The premier at least implicitly threatened to ignore a final judgment against Bill 21, defy the courts, and continue to enforce the law.
François Legault has often been compared to a famous predecessor as Quebec premier, Maurice Duplessis.
His instrument of power is the party he created, a personality cult of devoted followers that in Legault’s case is officially named after him: Coalition avenir Québec—L’équipe François Legault.
He is a francophone nationalist, but not an indépendantiste. He is a pragmatist, not an ideologue, a populist who so often invokes the approval of the (French-speaking) majority as justification that it seems Quebec’s real leader is pollster Jean-Marc Léger.
But if Legault has a philosophy of government, it is reminiscent of that of another legendary authoritarian Quebec politician of the last century.
Montreal Mayor Jean Drapeau ran his city as what a political opponent called an elected dictator. In what Drapeau called his “disciplined democracy,” he ruled with absolute power, subject only to the judgment of the voters every four years at election time.
Legault is the head of a majority government, in whose hands the evolution of Quebec’s parliamentary system has concentrated power. In his first year in that office, his constant smile has belied the brutality with which he has casually swept aside the traditional restraints on that power accepted by his recent predecessors.
To Legault, I wrote during the debate on his anti-hijab Bill 21 last spring, the end justifies the means, and might makes right. And nothing must be allowed to stand in the way of the will of the French-speaking majority, as expressed in the ballot box, the National Assembly, or the opinion polls.
One of those traditional restraints on a premier’s power is respect for the rule of law.
Since the 1982 Constitution Act limiting Quebec’s powers was imposed on this province without its consent, all its premiers have refused to accept it formally and politically. But all of them have accepted it legally, as binding on, and in, this province.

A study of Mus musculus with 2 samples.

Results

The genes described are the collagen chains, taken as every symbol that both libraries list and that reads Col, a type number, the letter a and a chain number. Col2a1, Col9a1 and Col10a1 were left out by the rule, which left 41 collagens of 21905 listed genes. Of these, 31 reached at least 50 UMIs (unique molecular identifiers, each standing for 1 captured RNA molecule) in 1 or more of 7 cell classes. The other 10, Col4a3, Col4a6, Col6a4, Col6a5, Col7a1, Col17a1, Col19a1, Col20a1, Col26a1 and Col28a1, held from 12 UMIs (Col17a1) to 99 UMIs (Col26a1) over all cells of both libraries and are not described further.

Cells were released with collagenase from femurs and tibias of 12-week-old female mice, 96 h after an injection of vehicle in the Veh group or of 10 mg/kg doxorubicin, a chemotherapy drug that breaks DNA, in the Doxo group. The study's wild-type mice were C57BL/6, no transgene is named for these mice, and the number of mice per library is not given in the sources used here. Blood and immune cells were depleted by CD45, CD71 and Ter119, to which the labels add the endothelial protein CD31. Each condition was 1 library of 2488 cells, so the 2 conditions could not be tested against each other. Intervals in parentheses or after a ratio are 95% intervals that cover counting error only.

That is, until this week.
On Tuesday, journalists asked Legault to comment on a complaint by a potential Parti Québécois leadership candidate, Frédéric Bastien, about remarks by the chief justice of the Quebec Court of Appeal during a hearing on Bill 21.
Nationalists argue that Chief Justice Nicole Duval Hesler, one of three judges hearing an appeal of a Superior Court ruling denying a request to suspend application of the law, had expressed bias against Bill 21.
Certainly the judge’s remarks were at least imprudent. But some of the criticism of them might also have been politically motivated, to discredit eventual court rulings against the law, and the courts themselves.
At first, Legault answered cautiously. He said he understood why some Quebecers were “concerned” by the judge’s remarks, since, “to keep the public’s confidence, there is a need for impartiality, and an appearance of impartiality.”
But, he continued, “there is a separation of powers with the judicial (system), so we will let the judicial render its judgment.”
He didn’t stop there, however. Even as journalists tried to interrupt him, he insisted on concluding that after the courts delivered their ruling, “we will take the necessary means to ensure Bill 21 is applied.”
Note the premier did not say the government would settle for appealing a judgment against the law. Rather, he at least implicitly threatened to ignore a final decision, defy the courts, and continue to enforce Bill 21.
This is consistent with the position of some nationalists that majority rule must be absolute, not limited by charters protecting individual and minority rights interpreted by unelected judges. Influential nationalist writer Mathieu Bock-Côté articulated this position in a book praised by Legault.
The premier’s antidemocratic remark has received little media attention, except for some commentators questioning whether he meant what he said. But unless he “clarifies” his remark, all we have to go on is what he did say.
And what the premier of Quebec said suggested that he would place himself above the law, which is something dictators do.